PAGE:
Background and purpose
Ecorys has carried out a monitoring study for the maritime cluster, on behalf of the Ministry of Infrastructure and Environment and in cooperation with Maritime by Holland (Stichting Nederland Maritiem Land). The maritime cluster consists of the following maritime sectors: shipping, shipbuilding, offshore, inland shipping, dredging, ports, navy, fishing, maritime services, yachtbuilding/watersport industry and marine equipment supply. The study consists of a description and analysis of the economic and labour market for 2016 as well as the trends on these markets for the years 2006-2016.
Methodology and comparison with the Maritime Monitor 2016
Compared to the previous Maritime Monitor 2015 the methodology has not been changed. Due to the fact that the Dutch Central Bureau of Statistics has revised their statistics for the years 2010 and beyond, the figures for the period 2006-2009 have been calculated based on the trends reported in the Maritime Monitor 2013 over the same period. This trend has been projected on the calculated figures for 2010 in order to achieve a continuous timeline from 2006 until 2010.
As a result the figures presented in this Monitor are the current best available figures for the different Dutch maritime sectors and cluster.
The Dutch maritime cluster in 2016
In 2016, the direct and indirect production value was almost € 55 billion. The total value added amounted to around € 23 billion, including € 5 billion indirect value added. This means the maritime cluster generates 3.3% of the total GDP of the Netherlands (2015: 3.5%). The sector provided employment for around 271,000 people, which is 3.0% of total employment in the Netherlands (2015: 3.0%). Of these jobs, 166,000 were direct employment.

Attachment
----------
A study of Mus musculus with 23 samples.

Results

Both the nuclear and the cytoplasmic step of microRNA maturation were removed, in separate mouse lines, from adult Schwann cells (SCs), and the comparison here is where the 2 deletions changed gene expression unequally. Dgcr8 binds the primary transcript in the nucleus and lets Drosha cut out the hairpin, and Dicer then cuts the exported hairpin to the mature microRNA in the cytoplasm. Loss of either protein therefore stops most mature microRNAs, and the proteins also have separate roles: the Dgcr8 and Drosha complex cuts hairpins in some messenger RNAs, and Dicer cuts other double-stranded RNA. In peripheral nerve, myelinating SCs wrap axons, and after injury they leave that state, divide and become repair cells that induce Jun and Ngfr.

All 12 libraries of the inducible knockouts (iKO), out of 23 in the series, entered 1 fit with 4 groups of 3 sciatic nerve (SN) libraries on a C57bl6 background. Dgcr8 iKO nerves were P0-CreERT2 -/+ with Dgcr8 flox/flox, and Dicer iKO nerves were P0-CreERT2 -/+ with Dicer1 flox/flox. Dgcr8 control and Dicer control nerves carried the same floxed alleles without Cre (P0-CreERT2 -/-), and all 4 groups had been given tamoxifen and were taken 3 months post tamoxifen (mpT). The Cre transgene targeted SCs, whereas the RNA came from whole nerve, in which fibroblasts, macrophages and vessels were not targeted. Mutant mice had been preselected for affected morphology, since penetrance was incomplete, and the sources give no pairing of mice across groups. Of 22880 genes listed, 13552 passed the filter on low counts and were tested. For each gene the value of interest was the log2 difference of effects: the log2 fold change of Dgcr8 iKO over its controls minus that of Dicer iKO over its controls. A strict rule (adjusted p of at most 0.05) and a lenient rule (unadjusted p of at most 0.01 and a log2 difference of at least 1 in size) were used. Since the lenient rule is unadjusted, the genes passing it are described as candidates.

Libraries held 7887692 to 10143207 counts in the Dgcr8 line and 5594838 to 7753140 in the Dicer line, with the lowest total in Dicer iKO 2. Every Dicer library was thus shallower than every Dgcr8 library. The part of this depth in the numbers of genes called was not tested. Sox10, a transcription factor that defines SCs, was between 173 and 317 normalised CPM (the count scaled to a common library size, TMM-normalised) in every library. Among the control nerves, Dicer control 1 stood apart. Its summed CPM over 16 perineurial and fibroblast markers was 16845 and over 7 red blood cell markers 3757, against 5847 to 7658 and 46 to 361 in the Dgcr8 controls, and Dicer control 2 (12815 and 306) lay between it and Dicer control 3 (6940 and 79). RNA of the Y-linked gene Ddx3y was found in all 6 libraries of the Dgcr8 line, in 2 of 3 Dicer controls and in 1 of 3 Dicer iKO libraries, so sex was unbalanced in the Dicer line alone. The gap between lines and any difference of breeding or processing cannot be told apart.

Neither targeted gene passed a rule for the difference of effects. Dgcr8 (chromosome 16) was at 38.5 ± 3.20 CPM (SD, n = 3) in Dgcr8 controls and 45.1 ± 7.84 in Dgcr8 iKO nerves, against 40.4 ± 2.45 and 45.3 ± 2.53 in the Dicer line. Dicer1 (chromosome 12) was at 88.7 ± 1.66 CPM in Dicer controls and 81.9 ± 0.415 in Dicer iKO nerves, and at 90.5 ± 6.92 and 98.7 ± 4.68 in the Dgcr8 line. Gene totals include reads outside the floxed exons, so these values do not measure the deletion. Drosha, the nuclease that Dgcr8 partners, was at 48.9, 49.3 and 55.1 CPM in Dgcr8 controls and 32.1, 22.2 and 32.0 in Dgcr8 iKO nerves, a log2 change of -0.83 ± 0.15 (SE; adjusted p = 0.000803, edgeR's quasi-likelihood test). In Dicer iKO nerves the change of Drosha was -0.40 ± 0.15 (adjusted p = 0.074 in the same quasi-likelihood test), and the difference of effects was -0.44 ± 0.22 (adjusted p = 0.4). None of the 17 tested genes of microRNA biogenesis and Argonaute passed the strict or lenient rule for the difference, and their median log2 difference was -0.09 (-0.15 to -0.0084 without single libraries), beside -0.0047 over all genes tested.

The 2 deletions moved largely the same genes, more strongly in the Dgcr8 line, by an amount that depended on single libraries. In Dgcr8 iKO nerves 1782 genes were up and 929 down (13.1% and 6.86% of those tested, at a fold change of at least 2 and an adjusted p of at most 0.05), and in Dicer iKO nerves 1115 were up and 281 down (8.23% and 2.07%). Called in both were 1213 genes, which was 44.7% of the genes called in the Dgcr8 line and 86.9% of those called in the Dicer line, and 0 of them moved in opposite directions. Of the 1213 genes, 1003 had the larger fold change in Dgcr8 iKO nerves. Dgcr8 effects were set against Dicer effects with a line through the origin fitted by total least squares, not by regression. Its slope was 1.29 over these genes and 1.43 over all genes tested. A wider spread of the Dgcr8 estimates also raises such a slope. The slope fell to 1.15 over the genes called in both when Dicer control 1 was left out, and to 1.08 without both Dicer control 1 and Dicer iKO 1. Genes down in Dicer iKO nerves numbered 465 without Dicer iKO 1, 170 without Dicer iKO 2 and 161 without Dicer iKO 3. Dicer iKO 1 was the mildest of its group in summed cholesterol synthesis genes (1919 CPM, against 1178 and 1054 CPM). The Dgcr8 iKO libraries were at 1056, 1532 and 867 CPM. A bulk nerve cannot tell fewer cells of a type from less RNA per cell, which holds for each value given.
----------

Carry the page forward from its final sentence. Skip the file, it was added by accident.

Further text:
Total employment (direct plus indirect) in the Dutch maritime cluster increased in 2016 by 1.1% (3,000 persons) compared to 2015 employment figures. This increase was only due to an increase in indirect employment, direct employment decreased by 0.2%. Total value added (direct plus indirect) of the maritime cluster decreased by 2.2%. This means that with more people less money is earned. In 2016, with regard to employment, the maritime cluster performed in the same way as the Dutch economy as a whole where employment increased with 1.1%. With regard to Dutch GDP however, that increased with 2.8% in 2016, the maritime cluster performed worse with a decrease of 2.2% (direct plus indirect value added). Total exports of the maritime cluster amounted to around € 25 billion in 2016. This means the cluster has a share of 4.4% of total Dutch exports of goods and services.
The graphs below present the index figures of the developments in direct value added and direct employment per maritime sector, for the period 2006-2016 (2006 is the base year and set at 100). Shipping, fishing and shipbuilding generated a (direct) value added in 2016 which was below the level of 2006. For the shipping sector this is caused by low tariffs resulting from overcapacity in the sector. In the fishing sector and the shipbuilding industry the lower value added results from a lower employment number. The added value of the navy has declined due to a cutback in expenses.
The number of (direct) employees is more stable in 2016 compared to 2006 than the value added. In the sector ports, the number of employees increased relatively the most during this period, followed by the sectors dredging, offshore, maritime services and shipping. Employment in the sectors navy, fishing, shipbuilding and yachtbuilding/watersports industry declined. In inland shipping, marine equipment supply and yachtbuilding/watersports industry (direct) employment remained stable.